Freight Logistics, Peace of MindApril 26, 2016
Diesel, Freight, and PricingMay 10, 2016
Why The Driverless Truck Might Not Fly.
Recently, we came across this article—“A fleet of trucks just drove themselves across Europe.” Driverless trucks, pre-mapped routes, connections via wifi…and not one of the 12 trucks with a human driver. On first glance, it’s the stuff of science fiction. And yet, it’s happening.
They’ve even created a new verb for it. Platooning. That’s when “trucks autonomously follow one another.”
Digging further into the scenario, the infrastructure for testing this is extensive, with a handful of large truck manufacturers involved. The projected, initial route is extensive, designed to cover a swath of Europe—from Sweden to Denmark, Germany, the Netherlands, and Belgium.
The claims are impressive: a 15% reduction in fuel usage, fewer accidents, reduced congestion, reduced expenses.
Yes, the European Truck Platooning Challenge has its pedal to the metal. We wish them well.
If and when the driverless vehicle scenario extends to trucks and movement of freight in the United States, we’ll evaluate and maybe adapt—if it’s proven safe, desirable, and makes sense economically.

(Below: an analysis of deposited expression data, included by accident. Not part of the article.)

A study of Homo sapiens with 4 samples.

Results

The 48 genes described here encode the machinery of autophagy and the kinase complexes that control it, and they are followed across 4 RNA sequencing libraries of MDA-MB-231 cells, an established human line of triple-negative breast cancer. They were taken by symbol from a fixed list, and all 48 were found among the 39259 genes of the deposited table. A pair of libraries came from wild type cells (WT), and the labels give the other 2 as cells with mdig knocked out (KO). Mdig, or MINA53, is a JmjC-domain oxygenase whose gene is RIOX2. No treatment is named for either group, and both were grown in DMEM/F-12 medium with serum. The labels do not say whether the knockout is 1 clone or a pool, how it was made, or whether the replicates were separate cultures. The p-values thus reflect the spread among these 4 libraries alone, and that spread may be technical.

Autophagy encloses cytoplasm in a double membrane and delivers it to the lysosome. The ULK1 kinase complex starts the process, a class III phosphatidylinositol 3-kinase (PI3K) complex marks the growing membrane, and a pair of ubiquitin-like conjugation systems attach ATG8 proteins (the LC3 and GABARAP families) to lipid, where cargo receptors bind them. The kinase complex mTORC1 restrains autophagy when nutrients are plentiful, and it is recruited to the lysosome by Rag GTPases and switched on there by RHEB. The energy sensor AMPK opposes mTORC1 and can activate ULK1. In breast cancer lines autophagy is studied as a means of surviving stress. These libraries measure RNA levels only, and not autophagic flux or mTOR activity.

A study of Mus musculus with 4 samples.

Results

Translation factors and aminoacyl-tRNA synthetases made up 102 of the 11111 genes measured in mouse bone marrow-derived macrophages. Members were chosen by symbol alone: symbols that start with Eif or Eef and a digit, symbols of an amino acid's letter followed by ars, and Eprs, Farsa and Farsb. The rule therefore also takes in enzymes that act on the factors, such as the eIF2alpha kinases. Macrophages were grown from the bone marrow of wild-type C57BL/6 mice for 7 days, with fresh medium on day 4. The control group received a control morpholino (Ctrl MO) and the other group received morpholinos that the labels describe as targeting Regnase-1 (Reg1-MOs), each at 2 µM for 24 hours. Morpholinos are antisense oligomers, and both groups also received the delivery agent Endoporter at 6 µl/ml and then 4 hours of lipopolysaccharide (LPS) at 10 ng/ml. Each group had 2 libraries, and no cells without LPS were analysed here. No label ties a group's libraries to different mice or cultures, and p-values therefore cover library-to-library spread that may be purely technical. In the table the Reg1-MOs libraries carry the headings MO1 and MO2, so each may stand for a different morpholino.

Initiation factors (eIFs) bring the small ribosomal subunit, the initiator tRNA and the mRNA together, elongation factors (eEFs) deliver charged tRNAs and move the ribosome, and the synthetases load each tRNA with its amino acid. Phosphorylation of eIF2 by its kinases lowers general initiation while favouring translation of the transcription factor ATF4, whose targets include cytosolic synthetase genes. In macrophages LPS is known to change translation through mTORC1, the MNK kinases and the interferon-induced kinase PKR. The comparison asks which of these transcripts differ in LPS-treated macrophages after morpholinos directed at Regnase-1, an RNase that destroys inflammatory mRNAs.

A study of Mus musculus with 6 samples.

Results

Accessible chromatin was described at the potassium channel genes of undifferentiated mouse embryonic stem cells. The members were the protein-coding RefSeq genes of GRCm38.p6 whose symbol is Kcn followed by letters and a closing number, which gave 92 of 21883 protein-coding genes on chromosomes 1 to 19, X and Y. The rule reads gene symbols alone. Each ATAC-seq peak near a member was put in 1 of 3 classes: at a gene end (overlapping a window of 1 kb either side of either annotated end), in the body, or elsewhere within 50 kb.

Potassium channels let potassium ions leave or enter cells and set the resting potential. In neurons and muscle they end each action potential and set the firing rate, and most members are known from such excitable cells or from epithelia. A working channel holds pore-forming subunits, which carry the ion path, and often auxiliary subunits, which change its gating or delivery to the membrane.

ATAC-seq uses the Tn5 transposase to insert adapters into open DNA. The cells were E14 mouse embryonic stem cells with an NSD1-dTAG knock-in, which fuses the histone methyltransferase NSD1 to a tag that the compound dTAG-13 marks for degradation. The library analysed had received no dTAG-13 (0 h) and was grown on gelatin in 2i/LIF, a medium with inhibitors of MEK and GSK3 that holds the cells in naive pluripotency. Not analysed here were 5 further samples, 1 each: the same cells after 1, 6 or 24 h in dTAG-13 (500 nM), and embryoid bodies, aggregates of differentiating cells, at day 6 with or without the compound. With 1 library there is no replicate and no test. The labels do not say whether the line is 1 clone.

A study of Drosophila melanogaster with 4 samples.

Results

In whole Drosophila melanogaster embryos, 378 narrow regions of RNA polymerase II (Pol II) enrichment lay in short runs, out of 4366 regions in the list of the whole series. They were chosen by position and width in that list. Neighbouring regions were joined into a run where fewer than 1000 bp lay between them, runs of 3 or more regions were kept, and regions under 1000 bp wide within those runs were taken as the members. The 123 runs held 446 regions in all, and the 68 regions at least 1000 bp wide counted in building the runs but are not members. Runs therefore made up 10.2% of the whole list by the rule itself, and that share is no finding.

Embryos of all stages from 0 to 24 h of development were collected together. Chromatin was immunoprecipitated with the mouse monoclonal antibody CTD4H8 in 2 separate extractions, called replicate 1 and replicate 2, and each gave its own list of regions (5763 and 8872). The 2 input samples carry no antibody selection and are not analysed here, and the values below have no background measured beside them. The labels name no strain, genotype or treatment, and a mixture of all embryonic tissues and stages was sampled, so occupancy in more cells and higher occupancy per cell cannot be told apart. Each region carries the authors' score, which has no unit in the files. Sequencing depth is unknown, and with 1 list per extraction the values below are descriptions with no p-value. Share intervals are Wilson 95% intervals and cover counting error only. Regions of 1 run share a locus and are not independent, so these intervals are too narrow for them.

Still. Gotta say: we’re a bit skeptical about the idea. From our perspective right now, this would need to overcome huge hurdles in order to fly in our industry.
We’re looking at this from both the bigger picture and the smaller—yet equally important—details. For example, a computer chip can’t tarp a load. It can’t perform a light or electrical repair en route. It can’t address a mechanical issue.
And still unknown are any government regulations likely to be written that might well drive up the insurance costs for customers.
We don’t foresee drivers being replaced by computers any time in the near future. For a quarter of a century, our success in this industry has been a direct result of partnering with people.